Monday, March 16, 2009

Gulfport Yacht Club

Great People, Great Facility, Great Sailing

I recently drove to Florida to pick up my Blade F16 from Falcon Marine in Cape Canaveral. While in Florida, I enjoyed three great days of sailing. Two of those days were spent sailing at Gulfport Yacht Club (GYC) and I felt compelled to write about my experiences there.

GYC is located in Gulfport, Florida, on Boca Ciega Bay, South East of St. Petersburg just off of I-275. Boca Ciega Bay has beautiful aqua waters generally running 8-10 feet in depth with lots of open areas for sailing. I participated in their first club race of the season on March 7th, and then sailed again as a guest of the club on March 8th.

Great People
My first experience with the club officers was contacting Commodore Mary Ann Robertson and Secretary Bill Prater via e-mail concerning sailing in the Saturday, March 7th club race. They were quick to respond to my e-mail and very welcoming. Together they helped me with accommodations, relayed the schedule for the Saturday races and confirmed that as a guest with an attending sponsor, I could sail again at the club on Sunday.

Upon arrival, Club members were quick to introduce themselves and helped me with where to park, where to set up and even helped me rig my boat. Throughout the day, other members went out of their way to offer pointers, direct me to where things were around the club and helped me move my boat. After racing, there were good conversations about sailing and many other topics. Overall, there is a welcoming, easy going vibe here that is great for an outsider and sailing in general.

Commodore Mary Ann Robertson

Great Facility
The club itself consists of a clubhouse, areas for storing your boat, a beachside cabana and a launching beach with a boat ramp. The clubhouse is small, but includes a front porch with tables and a grill, a dining/meeting room and a kitchen as well as restroom facilities.

Boats on trailers lined the perimeter of the property with many being secured by tie down straps anchored in the ground. There were all kinds of cats there and some monohulls. I saw F16, F18, Hobies, Tornados, Darts, and many other boat types. While there were a large number of boats there, I was able to trailer my boat in, take it off the trailer and wheel it to a setup area with no problem, despite it being a race day.

The noon skippers meeting was held in the beach cabana with tables and chairs and what also appeared to be a sail storage tube area.

The beach area is small as well, but featured soft sand and had plenty of room for main sail rigging and launching for all the day’s competitors. The slope of the beach is not too great as I was able to move my boat to the launch area by myself. Beach wheels were left on the grassy area just up from the beach. There is a well marked channel leading out of the beach area for access to the bay. During my visit, I also saw several mono hulls launched via the boat ramp which is also in the beach area.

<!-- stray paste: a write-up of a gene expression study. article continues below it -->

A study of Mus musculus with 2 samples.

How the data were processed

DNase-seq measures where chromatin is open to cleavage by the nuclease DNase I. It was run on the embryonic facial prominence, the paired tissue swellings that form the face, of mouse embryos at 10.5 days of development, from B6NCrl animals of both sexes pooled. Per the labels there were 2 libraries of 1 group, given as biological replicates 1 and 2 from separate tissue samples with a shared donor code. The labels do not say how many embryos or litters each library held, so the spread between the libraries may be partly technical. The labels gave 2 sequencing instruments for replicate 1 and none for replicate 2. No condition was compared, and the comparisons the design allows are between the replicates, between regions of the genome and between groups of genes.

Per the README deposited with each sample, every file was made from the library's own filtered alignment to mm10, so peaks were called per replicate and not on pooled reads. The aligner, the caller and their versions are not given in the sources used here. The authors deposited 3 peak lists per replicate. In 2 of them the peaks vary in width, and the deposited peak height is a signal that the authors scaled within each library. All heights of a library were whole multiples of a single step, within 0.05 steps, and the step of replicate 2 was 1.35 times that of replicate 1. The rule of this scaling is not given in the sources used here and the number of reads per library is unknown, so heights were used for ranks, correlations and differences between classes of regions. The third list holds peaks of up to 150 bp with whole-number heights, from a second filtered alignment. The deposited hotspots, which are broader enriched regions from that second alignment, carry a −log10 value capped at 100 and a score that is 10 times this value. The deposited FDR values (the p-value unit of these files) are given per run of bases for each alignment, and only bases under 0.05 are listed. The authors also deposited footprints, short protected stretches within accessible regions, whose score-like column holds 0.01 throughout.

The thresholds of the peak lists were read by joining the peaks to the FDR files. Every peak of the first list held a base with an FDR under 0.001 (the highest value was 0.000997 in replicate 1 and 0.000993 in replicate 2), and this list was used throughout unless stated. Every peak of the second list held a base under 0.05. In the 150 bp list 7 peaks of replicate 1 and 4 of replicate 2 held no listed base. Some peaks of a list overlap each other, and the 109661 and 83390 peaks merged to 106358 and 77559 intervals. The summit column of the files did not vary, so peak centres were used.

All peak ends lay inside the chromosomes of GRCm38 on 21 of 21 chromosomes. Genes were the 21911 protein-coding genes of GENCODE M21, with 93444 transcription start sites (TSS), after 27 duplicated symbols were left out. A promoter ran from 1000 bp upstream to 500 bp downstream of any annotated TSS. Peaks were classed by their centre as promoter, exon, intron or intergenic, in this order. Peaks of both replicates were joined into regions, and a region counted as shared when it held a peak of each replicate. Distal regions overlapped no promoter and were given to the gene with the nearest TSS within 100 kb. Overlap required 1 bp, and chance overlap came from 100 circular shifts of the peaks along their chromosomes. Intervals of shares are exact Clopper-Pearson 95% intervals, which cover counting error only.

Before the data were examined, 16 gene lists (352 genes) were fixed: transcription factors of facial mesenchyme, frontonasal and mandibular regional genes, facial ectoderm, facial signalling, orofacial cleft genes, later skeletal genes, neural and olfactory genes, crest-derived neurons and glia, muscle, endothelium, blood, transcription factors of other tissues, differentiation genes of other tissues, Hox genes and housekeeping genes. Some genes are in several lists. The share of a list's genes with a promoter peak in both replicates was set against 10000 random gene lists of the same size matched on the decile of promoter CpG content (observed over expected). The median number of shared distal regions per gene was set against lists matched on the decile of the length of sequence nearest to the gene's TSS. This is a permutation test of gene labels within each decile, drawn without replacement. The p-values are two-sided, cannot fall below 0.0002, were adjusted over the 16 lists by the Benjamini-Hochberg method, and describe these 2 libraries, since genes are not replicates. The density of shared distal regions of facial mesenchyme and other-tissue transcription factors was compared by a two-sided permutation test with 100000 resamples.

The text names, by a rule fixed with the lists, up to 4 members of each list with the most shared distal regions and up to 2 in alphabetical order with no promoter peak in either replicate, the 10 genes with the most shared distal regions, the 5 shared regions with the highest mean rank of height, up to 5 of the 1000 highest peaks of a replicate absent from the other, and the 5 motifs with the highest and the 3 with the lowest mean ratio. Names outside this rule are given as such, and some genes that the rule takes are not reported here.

Another handy feature is there are numerous hoses positioned all around the club so you can wash the salt spray off your boat after you sail.

Great Sailing
Sixteen boats raced in the first club race of the season, starting at 1:00. A variety of boats participated as GYC scores using Portsmouth. About half the competitors were A-cats with the other eight being primarily F16 boats (Blades, Vipers Taipans) with a Dart and an H14 rounding out the fleet.

A pontoon boat was used as the RC boat, but there was also a chase boat that was positioned at the windward mark. Overall, the RC was very responsive to wind shifts and moved the starting line and buoys accordingly during the afternoon.

Three races were run in what I would estimate to be 6-8 knot winds, all sausages. While all boats started together, the line was long enough to ensure there was not overcrowding. Right after the race, results were posted on a blackboard on the clubhouse front porch. A-cats finished 1-8, with an F16, the H14 and another F16 taking the next three positions.

I returned the next day as a guest to sail in the afternoon and winds were up at around 8-10, with some pretty good gusts so it was lots of fun, especially flying the spinnaker. Other members were also sailing so we sailed with an H16 and a Prindle.

GYC, A Great Place to Sail
The combination of the people, the facility and the well organized racing make GYC a great place to sail. Add to that very reasonable membership dues and guest launching fees, and you really can’t beat this gem of a club.

GYC will be hosting 2 Regattas in 2009 on Gulfport Beach. The GYC Multihull Regatta is April 18th & 19th and the F16 Global Challenge November 10th through the 14th. Their website features more information about the club including a race and event schedule, fees and contact information:

If you are in Florida, plan to visit, or looking for a warm place to sail, I’d strongly encourage you to check out GYC.